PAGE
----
The Half Mile Recreation Reserve near Alexandra reopened to the public on Tuesday following the controversial felling of pine trees which had closed the reserve since the start of June.
Felling was the first stage of the reserve’s restoration, after the trees were deemed a significant seed source for wilding pines and subsequently earmarked by the Central Otago District Council (CODC) and Central Otago Wilding Conifer Control Group for removal.
Part way through the project, the council extended the reserve’s closure by two weeks, until July 9, due to the extra care required to protect the lizard habitats within the site.
The reserve was due to reopen on Monday, until council extended it to Tuesday citing ‘‘unforeseen circumstances’’.
However, the council has since told The News this was ‘‘poor word choice’’ and it was due to public safety as the contactor removed large logs from the site.
CODC parks and reserves manager Gordon Bailey said the protection of the lizards was a priority for the council and members of the public.
‘‘Their protection was paramount; this also came loud and clear from members of the community too,’’ Mr Bailey said.
‘‘To ensure this happened, we made sure the trees were felled with minimal impact on any lizard habitat.’’
Council engaged a qualified herpetologist to be on-site throughout the felling period, working under approved protocols from the Department of Conservation to guide the felling of trees within the sensitive area.
The council would leave some of the felled trees on-site to protect the lizard habitat on advice from the herpetologist, Mr Bailey said.
‘‘There are a few trees that will need to be left lying on-site, as they would significantly impact the surrounding lizard habitat.’’
Most of the larger slash was chipped while, under the herpetologist’s advice, smaller slash was left on site to naturally decompose, protecting the lizard habitat.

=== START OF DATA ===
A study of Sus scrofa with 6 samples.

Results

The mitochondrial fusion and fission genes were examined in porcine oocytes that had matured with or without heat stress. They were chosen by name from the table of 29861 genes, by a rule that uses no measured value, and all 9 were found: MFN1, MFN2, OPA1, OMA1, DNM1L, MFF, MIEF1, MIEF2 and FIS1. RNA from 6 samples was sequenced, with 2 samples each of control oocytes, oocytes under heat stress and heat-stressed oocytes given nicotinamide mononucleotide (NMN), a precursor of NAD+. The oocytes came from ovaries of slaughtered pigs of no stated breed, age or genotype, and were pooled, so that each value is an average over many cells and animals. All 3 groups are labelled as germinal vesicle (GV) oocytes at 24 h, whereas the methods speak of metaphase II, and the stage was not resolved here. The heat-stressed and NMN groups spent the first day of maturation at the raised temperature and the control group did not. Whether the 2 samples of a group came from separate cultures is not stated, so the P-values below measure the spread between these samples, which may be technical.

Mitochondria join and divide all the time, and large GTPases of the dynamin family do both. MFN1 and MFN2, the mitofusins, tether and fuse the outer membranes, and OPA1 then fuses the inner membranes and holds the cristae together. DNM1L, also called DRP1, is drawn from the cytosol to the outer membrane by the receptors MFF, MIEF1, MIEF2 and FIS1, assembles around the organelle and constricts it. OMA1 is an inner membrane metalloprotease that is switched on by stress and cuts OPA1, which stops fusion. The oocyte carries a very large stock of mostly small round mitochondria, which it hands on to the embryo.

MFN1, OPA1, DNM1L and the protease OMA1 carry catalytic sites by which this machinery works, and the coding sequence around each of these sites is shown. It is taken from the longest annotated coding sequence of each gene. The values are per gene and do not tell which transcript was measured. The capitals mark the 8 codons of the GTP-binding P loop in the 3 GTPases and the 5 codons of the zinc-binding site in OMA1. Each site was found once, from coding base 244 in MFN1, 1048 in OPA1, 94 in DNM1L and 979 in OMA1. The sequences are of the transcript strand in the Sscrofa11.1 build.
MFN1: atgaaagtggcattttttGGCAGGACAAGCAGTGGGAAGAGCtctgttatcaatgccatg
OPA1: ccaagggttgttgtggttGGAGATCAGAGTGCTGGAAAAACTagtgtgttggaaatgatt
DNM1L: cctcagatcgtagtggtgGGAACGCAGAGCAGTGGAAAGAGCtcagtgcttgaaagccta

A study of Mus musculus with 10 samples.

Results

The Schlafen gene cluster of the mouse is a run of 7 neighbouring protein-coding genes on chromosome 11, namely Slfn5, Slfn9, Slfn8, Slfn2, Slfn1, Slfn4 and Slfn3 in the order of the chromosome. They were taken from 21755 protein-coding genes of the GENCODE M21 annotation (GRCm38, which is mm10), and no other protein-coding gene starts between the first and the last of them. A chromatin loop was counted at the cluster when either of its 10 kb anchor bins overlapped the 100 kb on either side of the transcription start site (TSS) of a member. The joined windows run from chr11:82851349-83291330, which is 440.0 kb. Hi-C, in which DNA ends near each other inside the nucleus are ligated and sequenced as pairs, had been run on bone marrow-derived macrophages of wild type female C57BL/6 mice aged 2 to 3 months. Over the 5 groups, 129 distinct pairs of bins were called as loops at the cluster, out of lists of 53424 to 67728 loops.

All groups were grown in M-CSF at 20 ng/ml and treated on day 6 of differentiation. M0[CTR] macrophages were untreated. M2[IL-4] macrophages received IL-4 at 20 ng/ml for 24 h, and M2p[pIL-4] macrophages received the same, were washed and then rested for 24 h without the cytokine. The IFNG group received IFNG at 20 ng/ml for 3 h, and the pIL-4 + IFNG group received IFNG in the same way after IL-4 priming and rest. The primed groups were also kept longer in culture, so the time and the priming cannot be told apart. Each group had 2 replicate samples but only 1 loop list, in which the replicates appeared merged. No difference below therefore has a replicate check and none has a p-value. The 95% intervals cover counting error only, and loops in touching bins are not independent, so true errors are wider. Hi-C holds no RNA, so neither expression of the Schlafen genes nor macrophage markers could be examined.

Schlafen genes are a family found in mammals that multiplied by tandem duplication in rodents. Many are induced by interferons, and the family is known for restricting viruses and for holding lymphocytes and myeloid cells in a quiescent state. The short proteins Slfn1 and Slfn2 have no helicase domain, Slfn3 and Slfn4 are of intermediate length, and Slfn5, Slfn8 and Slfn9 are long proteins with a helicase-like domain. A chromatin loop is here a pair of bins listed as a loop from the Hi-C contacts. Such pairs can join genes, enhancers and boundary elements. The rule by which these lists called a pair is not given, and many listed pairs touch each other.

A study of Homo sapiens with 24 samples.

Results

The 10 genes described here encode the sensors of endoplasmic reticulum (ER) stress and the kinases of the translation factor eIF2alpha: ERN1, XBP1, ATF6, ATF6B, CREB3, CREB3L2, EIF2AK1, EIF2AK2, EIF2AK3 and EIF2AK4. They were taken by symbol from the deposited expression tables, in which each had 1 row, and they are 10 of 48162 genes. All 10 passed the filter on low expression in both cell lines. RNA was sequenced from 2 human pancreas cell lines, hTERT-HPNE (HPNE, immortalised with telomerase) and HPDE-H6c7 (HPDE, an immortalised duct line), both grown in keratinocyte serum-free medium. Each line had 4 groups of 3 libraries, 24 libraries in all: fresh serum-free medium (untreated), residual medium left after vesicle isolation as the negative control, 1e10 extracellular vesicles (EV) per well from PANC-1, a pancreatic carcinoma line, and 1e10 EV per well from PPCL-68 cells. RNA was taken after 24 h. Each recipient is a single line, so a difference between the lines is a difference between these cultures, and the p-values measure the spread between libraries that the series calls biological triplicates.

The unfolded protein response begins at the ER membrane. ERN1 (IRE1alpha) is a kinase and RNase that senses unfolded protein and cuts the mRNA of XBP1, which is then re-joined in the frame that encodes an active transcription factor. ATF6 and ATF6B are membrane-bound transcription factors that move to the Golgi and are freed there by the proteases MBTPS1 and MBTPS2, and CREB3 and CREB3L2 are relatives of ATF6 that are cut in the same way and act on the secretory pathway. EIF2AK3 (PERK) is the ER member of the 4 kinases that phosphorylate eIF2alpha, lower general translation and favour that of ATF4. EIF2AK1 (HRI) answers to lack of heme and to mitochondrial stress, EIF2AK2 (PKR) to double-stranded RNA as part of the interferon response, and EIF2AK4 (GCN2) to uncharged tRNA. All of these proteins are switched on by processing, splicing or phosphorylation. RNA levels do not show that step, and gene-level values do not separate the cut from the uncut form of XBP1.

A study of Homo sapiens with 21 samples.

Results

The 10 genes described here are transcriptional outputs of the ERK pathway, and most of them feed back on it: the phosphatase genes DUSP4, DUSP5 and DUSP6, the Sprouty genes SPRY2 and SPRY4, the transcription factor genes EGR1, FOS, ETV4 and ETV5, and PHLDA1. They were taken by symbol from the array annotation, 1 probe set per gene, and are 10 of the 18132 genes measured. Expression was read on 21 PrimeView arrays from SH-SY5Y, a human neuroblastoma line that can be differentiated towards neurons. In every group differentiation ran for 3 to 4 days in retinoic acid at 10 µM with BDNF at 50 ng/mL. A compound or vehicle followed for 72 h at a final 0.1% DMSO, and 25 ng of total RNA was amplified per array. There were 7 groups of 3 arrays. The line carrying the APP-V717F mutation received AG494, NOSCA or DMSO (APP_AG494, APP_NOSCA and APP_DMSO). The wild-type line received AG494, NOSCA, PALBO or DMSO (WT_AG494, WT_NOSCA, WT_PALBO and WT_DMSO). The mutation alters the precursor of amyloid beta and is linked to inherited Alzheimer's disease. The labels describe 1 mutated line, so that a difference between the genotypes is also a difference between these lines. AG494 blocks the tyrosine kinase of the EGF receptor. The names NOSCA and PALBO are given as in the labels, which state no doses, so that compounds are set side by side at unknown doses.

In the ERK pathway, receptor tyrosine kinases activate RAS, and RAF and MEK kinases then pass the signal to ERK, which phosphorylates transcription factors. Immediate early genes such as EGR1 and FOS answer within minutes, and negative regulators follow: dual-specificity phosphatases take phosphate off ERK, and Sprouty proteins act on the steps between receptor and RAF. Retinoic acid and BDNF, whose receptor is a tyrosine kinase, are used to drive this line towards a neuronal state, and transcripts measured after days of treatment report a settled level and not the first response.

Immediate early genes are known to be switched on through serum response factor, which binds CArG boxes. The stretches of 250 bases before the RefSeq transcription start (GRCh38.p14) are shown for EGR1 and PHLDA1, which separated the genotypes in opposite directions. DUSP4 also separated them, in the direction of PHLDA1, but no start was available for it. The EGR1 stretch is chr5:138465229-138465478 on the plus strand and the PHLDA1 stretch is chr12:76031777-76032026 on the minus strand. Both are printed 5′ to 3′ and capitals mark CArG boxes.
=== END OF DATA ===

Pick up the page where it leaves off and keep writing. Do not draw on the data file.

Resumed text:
It was anticipated that the number of lizards would slowly increase over time as a habitat more sustainable for lizards developed, Mr Bailey said.
CODC group manager community experience David Scoones said replanting of the area would begin in 2024, when the council would work with interested community groups on restoring the reserve.
‘‘We’d like to thank the community for its interest in, and passion for, this reserve and its future, and we look forward to working with you towards its restoration to create a community space that will encourage wider use of this reserve,’’ Mr Scoones said.
The felling of the wilding conifers has been a topic of much debate in the community since the council first moved to fell the pine trees in October 2021.
At the time, a lack of public consultation raised the ire of residents in the Bridge Hill area who used the reserve for recreation.
Public submissions on the issue were received last year, and in January, the Vincent Community Board agreed to the removal of wilding conifers at the reserve, but in a staged approach.
The CODC waded in on the issue at its last meeting on March 8, after the community board sought clarification on whether the staged removal of trees was permitted under the council’s Wilding Conifer Control Policy, which was adopted in July last year.
After heated discussion, Mayor Tim Cadogan’s casting vote decided staged removal was not allowed under the policy.